The guidelines in our section: How do you use a shovel for shovelling? can also be followed.

Don’t forget that once you have dug the hole, you will have to shift the soil that was unearthed!

  Wonkee Donkee says "So how do I dig a black hole?'

Prepare for digging

Some simple warm-up exercises to get the blood circulating

Step 1 – Warm up

Remember to warm up your muscles.

Wear loose clothing and appropriate footwear and you’re ready to begin.

Please refer to our section: How do you use a shovel for shovelling? for further information on warm-up exercises and clothing.

Remove any fallen leaves or weeds with a fork and loosen heavy soil with a pick.

Step 2 – Prepare area for digging

Remove any fallen leaves or weeds with a fork and loosen heavy soil with a pick.

Mark out the area to be excavated if you require a large hole or a long trench for a vegetable patch.

Step 3 – Determine the outline of your hole

Mark out the area to be excavated if you require a large hole or a long trench for a vegetable patch.

If you prefer your plants in a row, don’t trust your eye — use string. Measure the location of the centre of each hole, mark them with wooden stakes and tie a string tightly between each stake.

The volume of soil may be more than you think – the deeper you dig, the larger the pile!

Step 4 – Plan ahead

Work out where you will put the loosened earth and whether you need to refill the hole.

The volume of soil may be more than you think – the deeper you dig, the larger the pile! Contemplate keeping quality, fertile types of soil.

Shovels come in various shapes and sizes

Step 5 – Consider the type of shovel you use

Remember from our section on blade design: a blade with a rounded or tapered cutting edge is designed for digging while a blade with a square edge is designed for scooping and shifting.

Consult our Buying guide for a quick summary on the best shovels for very precise digging such as trenches or for use in heavy, clay-like soil.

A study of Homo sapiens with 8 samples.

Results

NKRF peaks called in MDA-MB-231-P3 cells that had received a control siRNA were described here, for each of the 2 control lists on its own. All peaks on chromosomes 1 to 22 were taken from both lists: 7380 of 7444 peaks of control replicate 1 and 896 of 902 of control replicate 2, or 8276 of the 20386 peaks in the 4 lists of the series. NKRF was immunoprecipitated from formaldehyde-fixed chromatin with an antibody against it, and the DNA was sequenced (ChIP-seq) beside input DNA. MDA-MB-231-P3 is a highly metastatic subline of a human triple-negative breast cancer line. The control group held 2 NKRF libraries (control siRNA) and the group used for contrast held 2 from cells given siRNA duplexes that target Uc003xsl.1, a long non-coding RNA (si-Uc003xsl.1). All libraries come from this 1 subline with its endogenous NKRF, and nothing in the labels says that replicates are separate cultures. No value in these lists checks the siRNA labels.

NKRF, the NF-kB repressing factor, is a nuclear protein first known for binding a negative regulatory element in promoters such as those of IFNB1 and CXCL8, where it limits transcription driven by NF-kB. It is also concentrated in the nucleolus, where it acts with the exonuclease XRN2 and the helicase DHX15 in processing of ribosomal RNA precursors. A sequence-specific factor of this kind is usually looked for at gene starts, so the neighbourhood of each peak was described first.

It’s time to dig the dirt

Digging is the most effective if you dig straight down.

Step 1 – Grip handle with both hands

Hold the blade vertically above the soil and let gravity guide you.

Digging is most effective if you dig straight down.

Remember to use a low lift blade.

The blade and shaft of a shovel designed for digging should be in a straight a line as possible.

Step 2 – Look at angle of blade

Cast your mind back to our section: Is the angle of the blade important? and recall how the blade and shaft of a shovel designed for digging should be in a straight a line as possible.

That is, with no or minimal angle between the two i.e. low lift.

If your blade is at more of an angle to the shaft, you may need to tip the handle forward slightly to keep the blade upright.

This may feel awkward in your hands so, if you can, use a low lift blade.

Digging technique - place foot on tread, check posture

Step 3 – Stand straight and add weight by putting your foot on the shovel

Some shovels have a tread on the blade or a rolled shoulder which helps you to get a firm footing.

Push the blade straight down with your foot and aim to keep the pit wall straight and smooth.

Break up rocky soil with a garden fork.  If you encounter a boulder or any hard clumps of earth, try to dig under it to prise it out.

 
Digging technique - keep knees slightly bent

Step 4 – Bend knees and lift soil

Bend your knees and hold the shovel with one hand on the handle grip and the other halfway down the shaft.

Placing the blade underneath the soil, lever the shaft to balance the weight of the loaded shovel in both hands and lift. As you lift, straighten your knees gradually.

 
Always lift with your legs – they are stronger than your back and less prone to injury.
Digging technique - keep load close to body

Step 5 – Put soil to one side

As you clear away the soil, keep the loaded shovel close to your body. Holding a shovelful of soil with your arms outstretched puts too much weight on your spine.

If you need to refill the hole later, dump the dirt on a sheet of tarpaulin or in a wheelbarrow.  This keeps it off the grass and makes it easier to put back in when you’re ready.

  Wonkee Donkee says "If you have to leave the hole unattended, cover with sheets of plywood to prevent someone from getting hurt."
Digging technique - turn body in direction of throw Avoid throwing soil over your shoulder, as this requires a twisting motion that puts strain on your back.

Turn your body and feet to face the accumulating pile and tip the blade sideways to discard.

Remember to pace yourself, maintain good posture and keep hydrated.

Bear in mind the excellent advice given in our 'Safe, efficient shovelling' section

Bear in mind…

…that there is some excellent advice in our section: How do you use a shovel for shovelling?